Recipe: Chambord – Balsamic Glazed Strawberry Cake with Chambord Meringue topping
When I learned that October is National Dessert Month I immediately reached for my favorite decadent dessert ingredient, Chambord. The makers of this famous elixir just gave the bottle a make-over. The new design is modern and sleek and so I set out to create an equally appealing dessert.
To make things easy, start with a boxed white cake mix and prepare it in a 9" x 13" pan. From there cut the cake to individual serving sizes or work with the whole sheet. The pastry cream is easily made on the stove top and comes together in a jiffy. Best of all you can make it ahead and let it chill in the refrigerator until you are ready to assemble the cake. If you don't feel like tackling pastry cream, substitute a store-bought frosting or fresh whipped cream, but you do need to put a layer of something between the strawberries and the cake to prevent the glaze from soaking into the cake. The Chambord meringue takes this dessert over the top! While you may end up with more meringue than you need (depending on how decorative and creative you are with it), any extra can be piped onto a parchment lined baking sheet and baked at 200° F for about 1 1/2 to 2 hours. Just be sure to leave the meringues in the oven until both the oven and meringues are completely cooled. Then store in an airtight container.
1 9" x 13" white cake (from a box mix), cooled
2 to 3 cups fresh strawberries (I recommend Driscoll's Organic brand, especially when strawberries are out of season), washed, dried, stems removed and sliced
For the pastry cream
2 cups whole milk
6 egg yolks (reserve at least 2 egg whites for meringue)
3/4 cup sugar
4 tablespoons cornstarch
1 teaspoon bourbon (optional)
1 teaspoon vanilla bean paste
1 tablespoon butter, softened
For the Chambord-balsamic glaze
1 cup Chambord liqueur
1/4 cup balsamic vinegar
1/4 cup brown sugar
For the Chambord meringue
Generous 3/4 cup sugar
1/4 cup Chambord liqueur
2 egg whites
Trim the white sheet cake to desired size; level the top of the cake.
Prepare the pastry cream. Place the milk in a medium to large sauce pan and set over medium heat. Heat gently about 3 minutes, until small bubbles begin to appear at the pans edges. Set aside.
In a large mixing bowl vigorously whisk the egg yolks, sugar, cornstarch, bourbon (if using) and vanilla bean paste until combined and the sugar is beginning to melt into the mixture. Whisking constantly, slowly add the warmed milk. When most of the milk is added and the mixture is smooth, pour the egg yolk and milk mixture back into the pan with the remaining warm milk and whisk to combine. Place the pan back on to medium heat and whisk until the mixture boils and becomes thick and shiny, about 3 minutes. Transfer the thick mixture to the bowl of a stand mix fitted with the paddle attachment. Add the butter and mix on medium speed until the butter is incorporated and the mixture is smooth, about 1 minute. (Optional step, but useful if your milk was too hot and some of the egg yolks began to cook: Place a fine mesh sieve over a bowl and pass the cream through the sieve with a spatula.) Transfer the cream to a pastry bag or a zip top disposable plastic bag. Refrigerate the pastry cream until ready to use. (Sealed in an airtight bag and refrigerated the pastry cream keeps up to 3 days). Thoroughly clean the bowl of the stand mixer for the meringue.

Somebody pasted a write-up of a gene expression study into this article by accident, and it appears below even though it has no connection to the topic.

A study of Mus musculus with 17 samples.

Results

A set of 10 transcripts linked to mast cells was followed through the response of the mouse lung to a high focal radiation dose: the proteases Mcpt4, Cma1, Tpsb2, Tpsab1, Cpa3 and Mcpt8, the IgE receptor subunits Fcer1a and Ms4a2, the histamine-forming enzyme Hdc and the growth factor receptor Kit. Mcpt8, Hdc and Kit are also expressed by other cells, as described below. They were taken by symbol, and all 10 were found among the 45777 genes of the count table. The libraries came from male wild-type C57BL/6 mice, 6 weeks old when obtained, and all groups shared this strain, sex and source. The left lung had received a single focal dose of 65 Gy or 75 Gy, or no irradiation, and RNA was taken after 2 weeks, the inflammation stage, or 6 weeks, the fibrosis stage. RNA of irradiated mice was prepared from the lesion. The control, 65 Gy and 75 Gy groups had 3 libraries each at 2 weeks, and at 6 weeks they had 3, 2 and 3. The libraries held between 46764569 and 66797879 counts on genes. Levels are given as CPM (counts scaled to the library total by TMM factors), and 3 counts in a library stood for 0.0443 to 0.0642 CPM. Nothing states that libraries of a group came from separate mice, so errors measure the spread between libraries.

Prepare the Chambord-balsamic glaze. In a small saucepan, combine the Chambord, balsamic vinegar, and brown sugar. Place over medium heat and bring to a boil. Reduce the heat and simmer until the mixture is reduced by about half and is thick and syrup like. Set aside. If the mixture thickens up before using thin it by placing the mixture back on the heat and whisking in 1 tablespoon of warm water.
Prepare the Chambord meringue. Place the Chambord and sugar into a small heavy saucepan and heat on medium-high until the sugar is dissolved and the mixture is boiling. Boil until the mixture registers 230 F on a candy thermometer.* Remove from heat and set aside.
Place the egg whites into the clean bowl of the stand mixer; change the fitting to the whisk. Whisk on medium-high until firm glossy peaks form. Turn the speed down to medium and slowly add the Chambord mixture into the egg whites; continue whisking until the meringue is thick and cool, about 3 minutes. Fill a pastry bag with the meringue and set aside while assembling the cake.
Assemble the cake. Place the cake on a decorative plate or platter. Pipe (or spread) the pastry cream in a thin layer over the top of the cake. Arrange the strawberry slices so that they slightly overlap each other on top of the pastry cream. Using a pastry brush, generously brush the syrup over the strawberries; repeat with a second coat of the syrup.
Pipe the Chambord meringue along the edge of the cake, or in a decorative pattern. Place the cake in the refrigerator to set the meringue, about 10 minutes. Serve the cake chilled or just at room temperature.
*If you do not have a candy thermometer (or do not wish to use one) you can test for the temperature (known as "soft-ball stage") by drizzling a bit of the syrup off a spatula or spoon into a glass of cold water (no ice). If it hardens immediately and sinks to the bottom, the temperature is too high. Remove from the heat and whisk to dissipate the heat. If the syrup forms a ribbon trailing through the water you about at the right temperature.